Germany's finance minister has said the EU and U.K. have a "common responsibility" to negotiate a settlement to govern Britain's departure from Europe, but insisted any solution to end the Brexit impasse in the coming days must meet the EU's long-standing list of criteria.
Olaf Scholz said that the current U.K. leader Boris Johnson's recent proposals to break the Brexit deadlock would not be acceptable if they have "an effect on the single market, on the customs union," or if the Good Friday agreement that resolved decades of violence in Northern Ireland might be "endangered." Instead, he said he hoped for a deal that would "follow the lines" of an earlier agreement finalized under former British prime minister Theresa May.
The German finance chief spoke to CNBC as he arrived in Luxembourg to meet his European counterparts, with less than a month until the current Brexit deadline of October 31st, and the possibility of a disorderly departure still a looming threat to several EU nations that have close trading relationships with the U.K.
Earlier this week, a U.K. official in Johnson's office had leaked to select U.K. media outlets the details of a phone call with Scholz's boss, Chancellor Angela Merkel, which indicated that the German leader was deeply dissatisfied with Johnson's desire to keep Northern Ireland out of the European orbit in future. The pound had fallen precipitously Tuesday after alleged details of that phone called were published.
Johnson will meet with his Irish counterpart, Leo Varadkar, in Dublin Thursday. The British and Irish prime ministers remain wide apart on the potential for technological solutions that the U.K. side says will obviate the need for physical customs checks and border infrastructure on the dividing line between the Irish republic and the separate nation of Northern Ireland, part of the United Kingdom.
This week, Ireland's finance minister Paschal Donohoe released an annual budget he told the Irish parliament was "without precedent." It included 1.2 billion euros ($1.32 billion) in extra spending to firewall the economy against a no-deal Brexit. Irish officials said that amount would likely be augmented by further emergency funds from the EU. The budget, Donohoe told lawmakers, was "developed in the shadow of Brexit," and Britain's exit from the EU without a deal was now Ireland's "central assumption."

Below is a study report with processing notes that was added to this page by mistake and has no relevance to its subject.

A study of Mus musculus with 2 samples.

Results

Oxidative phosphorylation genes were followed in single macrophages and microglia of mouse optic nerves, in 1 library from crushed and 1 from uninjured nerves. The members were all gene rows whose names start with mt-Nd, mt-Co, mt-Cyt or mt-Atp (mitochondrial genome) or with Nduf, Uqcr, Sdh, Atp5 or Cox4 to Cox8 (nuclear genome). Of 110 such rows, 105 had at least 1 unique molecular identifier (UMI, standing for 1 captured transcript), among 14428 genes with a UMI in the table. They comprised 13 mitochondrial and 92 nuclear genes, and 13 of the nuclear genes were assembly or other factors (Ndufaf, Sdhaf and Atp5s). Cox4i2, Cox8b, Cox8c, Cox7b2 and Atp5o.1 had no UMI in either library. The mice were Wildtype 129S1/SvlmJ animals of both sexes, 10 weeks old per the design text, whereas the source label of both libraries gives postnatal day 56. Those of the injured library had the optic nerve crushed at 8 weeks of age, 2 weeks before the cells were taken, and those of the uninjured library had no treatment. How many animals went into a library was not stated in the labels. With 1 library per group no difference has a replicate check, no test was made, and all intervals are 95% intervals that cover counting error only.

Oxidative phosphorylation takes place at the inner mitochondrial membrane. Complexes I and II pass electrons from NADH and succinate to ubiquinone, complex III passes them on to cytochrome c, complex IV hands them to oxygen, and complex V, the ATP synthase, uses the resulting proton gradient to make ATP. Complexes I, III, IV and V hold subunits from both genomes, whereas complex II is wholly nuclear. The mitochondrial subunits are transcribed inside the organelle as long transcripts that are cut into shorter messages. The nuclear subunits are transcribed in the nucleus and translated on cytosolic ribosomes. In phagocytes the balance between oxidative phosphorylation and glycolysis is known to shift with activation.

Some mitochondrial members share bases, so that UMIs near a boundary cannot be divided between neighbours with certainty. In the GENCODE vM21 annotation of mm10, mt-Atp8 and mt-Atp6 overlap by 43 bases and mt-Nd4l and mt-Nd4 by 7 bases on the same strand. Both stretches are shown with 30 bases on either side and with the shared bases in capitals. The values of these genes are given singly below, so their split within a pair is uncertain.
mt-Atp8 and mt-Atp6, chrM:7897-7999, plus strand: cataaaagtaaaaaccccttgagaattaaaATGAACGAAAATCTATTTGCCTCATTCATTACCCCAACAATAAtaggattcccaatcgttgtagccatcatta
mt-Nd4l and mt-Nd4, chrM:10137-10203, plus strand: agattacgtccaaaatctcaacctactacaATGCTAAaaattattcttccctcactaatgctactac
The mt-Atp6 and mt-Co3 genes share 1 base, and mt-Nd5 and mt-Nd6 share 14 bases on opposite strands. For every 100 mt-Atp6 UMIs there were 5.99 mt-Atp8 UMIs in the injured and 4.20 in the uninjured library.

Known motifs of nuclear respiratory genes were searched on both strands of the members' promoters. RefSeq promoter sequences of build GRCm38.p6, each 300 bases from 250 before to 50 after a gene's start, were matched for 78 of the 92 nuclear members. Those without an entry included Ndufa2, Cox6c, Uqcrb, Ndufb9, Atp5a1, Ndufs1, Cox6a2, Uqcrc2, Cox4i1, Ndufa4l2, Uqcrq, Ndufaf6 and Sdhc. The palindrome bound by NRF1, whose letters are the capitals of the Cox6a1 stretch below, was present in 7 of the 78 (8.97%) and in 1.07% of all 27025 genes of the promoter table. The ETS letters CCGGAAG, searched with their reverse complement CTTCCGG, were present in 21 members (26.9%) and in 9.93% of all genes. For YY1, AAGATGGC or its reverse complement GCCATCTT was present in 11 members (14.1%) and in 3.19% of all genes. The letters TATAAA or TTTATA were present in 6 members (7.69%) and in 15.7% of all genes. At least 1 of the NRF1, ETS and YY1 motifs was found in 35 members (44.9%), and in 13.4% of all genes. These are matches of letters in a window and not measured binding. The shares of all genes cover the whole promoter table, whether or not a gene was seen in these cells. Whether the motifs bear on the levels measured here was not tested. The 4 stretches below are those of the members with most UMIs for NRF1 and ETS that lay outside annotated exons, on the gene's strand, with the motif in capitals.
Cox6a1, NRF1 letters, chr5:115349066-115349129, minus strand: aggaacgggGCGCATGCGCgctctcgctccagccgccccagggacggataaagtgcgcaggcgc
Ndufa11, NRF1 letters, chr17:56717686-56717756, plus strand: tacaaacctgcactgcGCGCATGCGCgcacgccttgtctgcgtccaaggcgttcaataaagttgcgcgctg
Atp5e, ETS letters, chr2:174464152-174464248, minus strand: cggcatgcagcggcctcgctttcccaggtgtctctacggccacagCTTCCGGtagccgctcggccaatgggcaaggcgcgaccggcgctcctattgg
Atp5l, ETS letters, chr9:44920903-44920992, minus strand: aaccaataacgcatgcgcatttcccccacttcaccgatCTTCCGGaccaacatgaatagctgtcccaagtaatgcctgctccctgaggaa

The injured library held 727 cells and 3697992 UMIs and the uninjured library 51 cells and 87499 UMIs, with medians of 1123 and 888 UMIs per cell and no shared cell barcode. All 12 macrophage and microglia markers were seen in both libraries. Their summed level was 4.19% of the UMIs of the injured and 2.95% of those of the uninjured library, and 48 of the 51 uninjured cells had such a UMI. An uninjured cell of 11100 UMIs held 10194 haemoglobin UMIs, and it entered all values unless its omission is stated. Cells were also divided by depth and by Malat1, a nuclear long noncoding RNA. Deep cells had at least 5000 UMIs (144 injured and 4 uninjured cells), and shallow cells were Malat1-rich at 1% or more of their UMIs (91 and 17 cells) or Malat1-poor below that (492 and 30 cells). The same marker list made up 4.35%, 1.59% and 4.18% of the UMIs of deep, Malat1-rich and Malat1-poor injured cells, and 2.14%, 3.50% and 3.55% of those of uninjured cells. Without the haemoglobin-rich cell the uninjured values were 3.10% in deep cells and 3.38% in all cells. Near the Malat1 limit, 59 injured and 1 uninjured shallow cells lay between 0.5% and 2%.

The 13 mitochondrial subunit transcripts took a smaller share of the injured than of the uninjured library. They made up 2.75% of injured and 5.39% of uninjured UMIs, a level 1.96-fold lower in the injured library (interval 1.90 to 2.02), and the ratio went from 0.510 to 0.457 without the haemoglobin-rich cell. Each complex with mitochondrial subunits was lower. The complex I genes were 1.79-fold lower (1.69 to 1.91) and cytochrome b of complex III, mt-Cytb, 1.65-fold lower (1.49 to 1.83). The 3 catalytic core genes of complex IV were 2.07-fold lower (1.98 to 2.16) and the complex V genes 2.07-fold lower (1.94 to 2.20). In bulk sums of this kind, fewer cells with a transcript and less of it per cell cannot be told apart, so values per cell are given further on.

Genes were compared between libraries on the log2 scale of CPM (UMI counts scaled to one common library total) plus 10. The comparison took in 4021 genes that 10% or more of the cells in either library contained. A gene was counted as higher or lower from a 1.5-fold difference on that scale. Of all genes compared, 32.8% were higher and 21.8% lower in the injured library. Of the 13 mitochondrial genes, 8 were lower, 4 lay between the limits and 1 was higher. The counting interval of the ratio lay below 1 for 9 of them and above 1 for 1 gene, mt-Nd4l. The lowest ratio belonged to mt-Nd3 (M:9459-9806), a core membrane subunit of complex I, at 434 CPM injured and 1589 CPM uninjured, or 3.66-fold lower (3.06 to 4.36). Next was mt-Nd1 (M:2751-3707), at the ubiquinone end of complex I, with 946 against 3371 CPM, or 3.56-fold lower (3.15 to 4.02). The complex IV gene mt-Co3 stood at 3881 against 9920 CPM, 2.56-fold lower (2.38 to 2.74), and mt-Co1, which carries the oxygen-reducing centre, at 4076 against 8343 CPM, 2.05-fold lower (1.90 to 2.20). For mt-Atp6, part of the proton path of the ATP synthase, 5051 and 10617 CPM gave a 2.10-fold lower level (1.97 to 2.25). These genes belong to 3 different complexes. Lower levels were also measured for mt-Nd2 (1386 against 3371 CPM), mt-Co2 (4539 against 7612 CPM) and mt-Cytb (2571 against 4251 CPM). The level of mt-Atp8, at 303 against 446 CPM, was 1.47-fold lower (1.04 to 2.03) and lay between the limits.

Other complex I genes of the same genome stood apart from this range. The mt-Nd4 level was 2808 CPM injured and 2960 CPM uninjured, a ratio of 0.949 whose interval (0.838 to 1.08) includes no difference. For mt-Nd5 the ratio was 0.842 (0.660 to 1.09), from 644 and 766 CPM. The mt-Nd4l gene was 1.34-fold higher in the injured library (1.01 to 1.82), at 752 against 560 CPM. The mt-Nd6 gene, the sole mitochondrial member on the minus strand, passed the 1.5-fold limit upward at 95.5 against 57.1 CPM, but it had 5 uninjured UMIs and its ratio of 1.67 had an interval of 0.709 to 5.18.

But Spain's acting Economy Minister Nadia Calvino, who had acknowledged just days ago that Spanish government growth forecasts could be revised to account for a disorderly Brexit, told CNBC that such an outcome was not yet her baseline assumption. "I think that we still have some time to go," she said. "We must make every effort to try to avoid that worst case scenario."
The deadline for Britain's exit has twice been extended, after lawmakers in Westminster failed to approve the deal that Theresa May's government had eventually finalized in December last year, after 18 months of talks with the European Commission.
Germany's Scholz reiterated a common European frustration over this in his comments to CNBC, insisting that the EU had already done "the necessary things" to organize an agreement.
But several European finance ministers said the delay - though frustrating, and for some, expensive - had ultimately proven to be helpful in terms of business and government preparedness.
"Let's face it, our government, and I would say most governments, probably most companies, most corporates, by now are as prepared as they would have been even for a no-deal Brexit," Cyprus finance head Harris Georgiades told CNBC. "And this very fact that it's been the baseline scenario now, probably makes Brexit less of a risk than it was a year or two ago."